Monday, December 16, 2002

Let the games begin: Jonathan complains this morning that he's unable to italicise text when blogging from the office, since he's forced to use a Mac, "and the Mac browser does not support that capability". He's blaming the wrong party: it's not Apple's fault that Blogger hasn't fixed their software so that Mac users enjoy the same conveniences as Windows users; also not Apple's fault that Jonathan hasn't figured out the simple HTML code for italics....

"Can someone please explain to me again why the Macintosh exists?", he asks. Ah, just the opportunity I've been waiting for to link to a fascinating five-part series by Leander Kahney on Mac loyalty, published on 1, 2, 3, 4, 5.

Most of my half-dozen readers already know I'm blogging on an iBook, & have been firmly on the side of Apple since the first time I sat down in front of a little Mac Plus, roughly 12 years ago, & felt an instinctive affinity: here was a computer that seemed to think the way I did, that I could use intuitively, without frequently, frustratedly resorting to a manual or an "expert", a computer that seemed to exist to make the world a little easier for me. I've been a confirmed Mac user ever since (even though from time to time I've been forced to grapple with Windows, & even now there's a Dell sitting on a desk at home, gathering dust). There are lots of reasons: the elegance of the interface, the stability of the platform, the fact that I feel I can tinker around inside the OS without doing catastrophic damage, & that I pretty much don't have to worry about viruses — but above all else my Mac just feels right to me; it feels like an extension of my working mind, not a tiresome protuberance that I'm forced to tolerate.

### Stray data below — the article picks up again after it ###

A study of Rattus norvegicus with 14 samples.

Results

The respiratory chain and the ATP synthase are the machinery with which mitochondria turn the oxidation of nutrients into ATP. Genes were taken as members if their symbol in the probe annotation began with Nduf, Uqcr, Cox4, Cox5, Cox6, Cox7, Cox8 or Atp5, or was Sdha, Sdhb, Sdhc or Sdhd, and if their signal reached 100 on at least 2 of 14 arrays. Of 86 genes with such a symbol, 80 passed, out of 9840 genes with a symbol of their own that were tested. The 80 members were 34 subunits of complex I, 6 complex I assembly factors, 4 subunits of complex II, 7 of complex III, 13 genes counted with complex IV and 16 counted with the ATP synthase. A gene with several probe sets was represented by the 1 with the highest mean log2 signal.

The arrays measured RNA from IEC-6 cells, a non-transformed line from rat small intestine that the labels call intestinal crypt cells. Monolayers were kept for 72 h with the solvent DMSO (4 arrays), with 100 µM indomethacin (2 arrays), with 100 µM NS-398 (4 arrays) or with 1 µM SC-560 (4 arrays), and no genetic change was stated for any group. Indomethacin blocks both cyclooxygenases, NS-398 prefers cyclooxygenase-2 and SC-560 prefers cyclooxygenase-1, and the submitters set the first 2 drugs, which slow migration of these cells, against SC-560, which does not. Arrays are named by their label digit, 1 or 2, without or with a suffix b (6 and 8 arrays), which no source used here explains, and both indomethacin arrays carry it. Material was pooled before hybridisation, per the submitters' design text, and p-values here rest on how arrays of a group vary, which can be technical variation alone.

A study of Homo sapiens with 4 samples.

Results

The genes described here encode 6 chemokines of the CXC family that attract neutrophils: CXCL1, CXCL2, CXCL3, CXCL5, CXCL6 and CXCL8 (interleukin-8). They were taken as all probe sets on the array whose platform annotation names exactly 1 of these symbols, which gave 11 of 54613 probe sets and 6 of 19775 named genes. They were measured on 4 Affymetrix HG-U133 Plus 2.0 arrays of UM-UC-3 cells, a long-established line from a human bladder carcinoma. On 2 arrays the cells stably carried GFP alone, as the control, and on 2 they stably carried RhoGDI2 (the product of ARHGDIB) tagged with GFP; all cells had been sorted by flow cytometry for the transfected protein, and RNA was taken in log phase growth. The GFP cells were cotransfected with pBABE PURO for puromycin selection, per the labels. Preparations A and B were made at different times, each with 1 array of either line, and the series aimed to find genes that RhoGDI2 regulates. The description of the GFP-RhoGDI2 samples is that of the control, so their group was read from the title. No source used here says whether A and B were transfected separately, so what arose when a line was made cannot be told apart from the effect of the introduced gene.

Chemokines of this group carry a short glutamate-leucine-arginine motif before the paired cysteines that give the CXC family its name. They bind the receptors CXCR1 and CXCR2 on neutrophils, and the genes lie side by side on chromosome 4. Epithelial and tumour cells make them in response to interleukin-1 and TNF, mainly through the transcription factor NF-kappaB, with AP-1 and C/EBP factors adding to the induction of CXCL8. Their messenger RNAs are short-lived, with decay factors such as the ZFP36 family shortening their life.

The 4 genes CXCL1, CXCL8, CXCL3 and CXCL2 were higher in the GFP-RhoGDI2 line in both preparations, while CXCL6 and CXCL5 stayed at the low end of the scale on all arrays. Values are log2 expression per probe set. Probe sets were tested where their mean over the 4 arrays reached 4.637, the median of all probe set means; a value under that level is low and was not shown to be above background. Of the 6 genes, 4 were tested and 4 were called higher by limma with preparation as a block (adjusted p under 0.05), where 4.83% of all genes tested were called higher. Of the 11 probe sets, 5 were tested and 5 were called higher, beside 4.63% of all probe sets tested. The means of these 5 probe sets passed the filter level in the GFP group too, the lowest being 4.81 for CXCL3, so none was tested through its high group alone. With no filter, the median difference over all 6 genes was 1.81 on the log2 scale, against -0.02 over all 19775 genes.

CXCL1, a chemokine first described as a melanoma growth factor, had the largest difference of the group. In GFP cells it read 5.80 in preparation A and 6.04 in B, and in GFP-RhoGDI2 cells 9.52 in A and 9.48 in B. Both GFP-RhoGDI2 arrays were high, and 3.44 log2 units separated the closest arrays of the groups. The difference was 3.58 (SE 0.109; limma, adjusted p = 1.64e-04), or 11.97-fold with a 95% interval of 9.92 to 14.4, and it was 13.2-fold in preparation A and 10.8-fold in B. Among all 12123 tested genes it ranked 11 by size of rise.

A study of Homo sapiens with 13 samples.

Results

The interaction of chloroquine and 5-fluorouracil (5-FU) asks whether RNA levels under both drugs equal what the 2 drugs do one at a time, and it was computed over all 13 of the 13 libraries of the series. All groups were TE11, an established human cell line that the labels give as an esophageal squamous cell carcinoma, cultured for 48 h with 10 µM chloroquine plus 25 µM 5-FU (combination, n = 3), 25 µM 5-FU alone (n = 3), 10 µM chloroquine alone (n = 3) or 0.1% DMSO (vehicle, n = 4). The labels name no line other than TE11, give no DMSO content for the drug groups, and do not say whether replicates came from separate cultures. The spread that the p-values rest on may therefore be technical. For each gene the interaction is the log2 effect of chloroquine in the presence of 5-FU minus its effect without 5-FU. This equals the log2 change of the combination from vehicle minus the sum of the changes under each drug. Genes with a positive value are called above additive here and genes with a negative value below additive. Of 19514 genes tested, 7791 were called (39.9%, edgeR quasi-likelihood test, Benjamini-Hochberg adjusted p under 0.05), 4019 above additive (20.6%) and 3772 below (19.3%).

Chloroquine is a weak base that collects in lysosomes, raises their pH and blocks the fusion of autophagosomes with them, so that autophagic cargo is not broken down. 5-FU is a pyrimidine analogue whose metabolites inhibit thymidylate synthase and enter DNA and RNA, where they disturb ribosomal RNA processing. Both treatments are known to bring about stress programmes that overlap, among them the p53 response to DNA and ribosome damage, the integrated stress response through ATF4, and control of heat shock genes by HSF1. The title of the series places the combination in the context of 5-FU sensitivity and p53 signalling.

Maybe I just think different.

Or you could look at it this way:

"Umberto Eco, the Italian semiologist, once famously compared Macs and PCs to the two main branches of the Christian faith: Catholics and Protestants.

"The Mac is Catholic, he wrote in his back-page column of the Italian news weekly, Espresso, in September 1994. It is 'cheerful, friendly, conciliatory, it tells the faithful how they must proceed step by step to reach — if not the Kingdom of Heaven — the moment in which their document is printed.'

"The Windows PC, on the other hand, is Protestant. It demands 'difficult personal decisions, imposes a subtle hermeneutics upon the user, and takes for granted the idea that not all can reach salvation. To make the system work you need to interpret the program yourself: A long way from the baroque community of revelers, the user is closed within the loneliness of his own inner torment."